Questions over cost of proposed PNG hydro project

4:45 pm on 11 October 2018

There are questions in Papua New Guinea around the affordability of a proposed hydropower project.

Nebilyer River, Western Highlands, Papua New Guinea.

Nebilyer River in Western Highlands is one of various sources of hydropower in Papua New Guinea Photo: RNZ / Johnny Blades

PNG's State Enterprise Minister William Duma recently announced the US$900-million Ramu 2 hydropower project would be led by Chinese company, Shenzhen Energy Group.

The 180-megawatt plant is expected to eventually increase the electricity output of the country by 33 per cent.

With final approval still pending, the head of PNG's Institute of National Affairs, Paul Barker, said it remained to be seen whether the project would ensure power was available, reliable and affordable.

A central aim should also be that the national provider, PNG Power, did not lose money through the venture, Mr Barker said.

"Because they really do need to be refocusing on power sources where the power is available at an affordable price, that the capital cost burden is not going to drag them down into decades, he said.

"PNG Power is under-capitalised, it's near insolvent. Probably is insolvent despite the fact that it's been declaring so-called profits and handing dividends to the government."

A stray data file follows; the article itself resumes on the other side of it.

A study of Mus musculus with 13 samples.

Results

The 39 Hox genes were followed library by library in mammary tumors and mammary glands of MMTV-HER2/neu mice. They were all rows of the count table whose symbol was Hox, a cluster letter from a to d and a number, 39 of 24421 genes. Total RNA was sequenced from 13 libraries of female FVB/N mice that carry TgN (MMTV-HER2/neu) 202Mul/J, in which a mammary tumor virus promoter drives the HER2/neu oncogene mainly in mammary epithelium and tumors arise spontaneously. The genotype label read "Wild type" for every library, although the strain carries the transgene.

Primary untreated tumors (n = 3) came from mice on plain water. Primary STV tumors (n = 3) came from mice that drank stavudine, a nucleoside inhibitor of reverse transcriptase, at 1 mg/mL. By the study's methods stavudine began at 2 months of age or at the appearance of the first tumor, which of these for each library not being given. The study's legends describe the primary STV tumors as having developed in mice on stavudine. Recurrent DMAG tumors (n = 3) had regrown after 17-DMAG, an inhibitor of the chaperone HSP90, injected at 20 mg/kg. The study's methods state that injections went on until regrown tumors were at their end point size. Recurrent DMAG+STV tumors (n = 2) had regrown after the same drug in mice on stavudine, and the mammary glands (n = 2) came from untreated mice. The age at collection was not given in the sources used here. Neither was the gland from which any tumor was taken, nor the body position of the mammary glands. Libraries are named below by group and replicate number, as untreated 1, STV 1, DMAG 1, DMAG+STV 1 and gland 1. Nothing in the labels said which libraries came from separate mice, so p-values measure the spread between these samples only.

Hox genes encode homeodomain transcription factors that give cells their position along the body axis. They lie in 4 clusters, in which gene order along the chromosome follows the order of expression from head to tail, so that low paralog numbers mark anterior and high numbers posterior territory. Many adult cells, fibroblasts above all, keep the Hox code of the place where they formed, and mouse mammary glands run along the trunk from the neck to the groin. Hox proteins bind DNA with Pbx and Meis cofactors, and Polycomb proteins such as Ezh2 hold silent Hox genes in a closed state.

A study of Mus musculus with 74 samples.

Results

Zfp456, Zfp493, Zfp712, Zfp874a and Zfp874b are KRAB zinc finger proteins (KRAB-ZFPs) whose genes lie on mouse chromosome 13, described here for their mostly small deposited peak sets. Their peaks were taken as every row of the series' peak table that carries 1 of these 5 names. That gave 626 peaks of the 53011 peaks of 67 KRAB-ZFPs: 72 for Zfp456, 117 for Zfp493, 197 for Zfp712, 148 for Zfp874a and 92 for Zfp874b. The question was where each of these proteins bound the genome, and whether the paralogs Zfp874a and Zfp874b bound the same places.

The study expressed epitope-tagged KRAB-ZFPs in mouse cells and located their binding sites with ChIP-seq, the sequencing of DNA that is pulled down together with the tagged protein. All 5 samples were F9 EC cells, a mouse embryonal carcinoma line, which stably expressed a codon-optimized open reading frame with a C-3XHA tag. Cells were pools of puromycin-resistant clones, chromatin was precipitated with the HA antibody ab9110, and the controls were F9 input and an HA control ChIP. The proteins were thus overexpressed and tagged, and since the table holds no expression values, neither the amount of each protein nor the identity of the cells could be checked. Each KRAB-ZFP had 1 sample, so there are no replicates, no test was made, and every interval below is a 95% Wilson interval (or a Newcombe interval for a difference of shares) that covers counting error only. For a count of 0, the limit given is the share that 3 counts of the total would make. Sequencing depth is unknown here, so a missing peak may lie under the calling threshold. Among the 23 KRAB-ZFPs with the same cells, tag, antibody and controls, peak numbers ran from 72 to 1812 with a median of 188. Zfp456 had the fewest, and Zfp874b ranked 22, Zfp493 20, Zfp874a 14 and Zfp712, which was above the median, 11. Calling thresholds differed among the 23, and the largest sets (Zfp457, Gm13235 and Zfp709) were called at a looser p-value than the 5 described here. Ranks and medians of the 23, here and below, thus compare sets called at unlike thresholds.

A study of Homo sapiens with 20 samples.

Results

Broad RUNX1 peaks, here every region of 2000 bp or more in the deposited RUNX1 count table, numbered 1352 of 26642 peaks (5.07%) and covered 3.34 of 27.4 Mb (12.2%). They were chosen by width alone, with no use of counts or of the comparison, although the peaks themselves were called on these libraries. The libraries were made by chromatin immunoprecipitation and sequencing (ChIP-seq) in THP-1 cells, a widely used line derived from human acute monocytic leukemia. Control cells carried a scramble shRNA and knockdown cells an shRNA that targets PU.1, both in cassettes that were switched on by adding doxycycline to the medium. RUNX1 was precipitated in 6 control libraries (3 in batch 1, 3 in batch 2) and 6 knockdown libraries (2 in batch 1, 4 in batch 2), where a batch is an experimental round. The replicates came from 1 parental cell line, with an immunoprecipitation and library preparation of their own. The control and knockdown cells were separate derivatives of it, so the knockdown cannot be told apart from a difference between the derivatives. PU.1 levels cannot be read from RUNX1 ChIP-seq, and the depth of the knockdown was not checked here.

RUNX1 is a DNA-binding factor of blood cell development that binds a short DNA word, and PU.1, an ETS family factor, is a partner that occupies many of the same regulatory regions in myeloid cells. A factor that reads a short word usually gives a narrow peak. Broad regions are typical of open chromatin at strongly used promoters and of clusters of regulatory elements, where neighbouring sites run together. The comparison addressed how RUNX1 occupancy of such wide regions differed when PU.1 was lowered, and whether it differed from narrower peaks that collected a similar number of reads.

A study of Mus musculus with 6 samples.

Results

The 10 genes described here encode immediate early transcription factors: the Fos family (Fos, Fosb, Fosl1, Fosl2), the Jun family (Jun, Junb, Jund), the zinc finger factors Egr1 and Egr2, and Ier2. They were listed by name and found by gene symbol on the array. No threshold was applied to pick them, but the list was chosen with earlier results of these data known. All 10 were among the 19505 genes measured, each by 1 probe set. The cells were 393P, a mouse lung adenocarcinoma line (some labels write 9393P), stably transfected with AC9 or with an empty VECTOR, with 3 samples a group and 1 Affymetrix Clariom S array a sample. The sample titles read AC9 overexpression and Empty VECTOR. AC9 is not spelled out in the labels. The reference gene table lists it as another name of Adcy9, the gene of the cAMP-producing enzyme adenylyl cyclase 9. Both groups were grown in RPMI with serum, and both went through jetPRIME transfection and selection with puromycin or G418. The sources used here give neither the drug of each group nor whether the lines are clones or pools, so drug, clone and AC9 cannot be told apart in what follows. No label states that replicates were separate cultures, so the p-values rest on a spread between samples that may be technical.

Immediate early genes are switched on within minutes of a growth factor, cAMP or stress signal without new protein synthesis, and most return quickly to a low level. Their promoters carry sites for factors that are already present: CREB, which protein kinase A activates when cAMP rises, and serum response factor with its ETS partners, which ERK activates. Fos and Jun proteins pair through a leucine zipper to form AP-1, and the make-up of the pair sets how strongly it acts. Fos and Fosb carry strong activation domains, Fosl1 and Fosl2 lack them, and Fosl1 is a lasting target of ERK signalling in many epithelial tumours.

Most of PNG's power generation comes from hydropower.

Mr Barker said PNG's existing power plants were quite old and in need of reinforcement.

The project, he explained, would be in a region chronically short on reliable electricity, where some major resources and industrial projects would need boosted power.

Shenzen has described the project as a Public Private Partnership, the assets will be given back to the government after 25-years of operations - debt free.

Owner-operator models have been used before in PNG. Mr Barker said whether it would be sustainable in this case depended on how the deal was negotiated and who would share the costs.

"Some of the deals that we've had in the past including the arrangement here in Moresby for providing power out of the Kanudi Power Plant really added to the costs considerably of power provision. It did provide power... but it was certainly not the best option."

Mr Duma earlier said that the state, the provincial governments of Eastern Highlands and Morobe, as well as landowners would own this power infrastructure asset which he projected would continue to operate for a further 75 years.

The minister described the project as a long-term, cost-effective power source.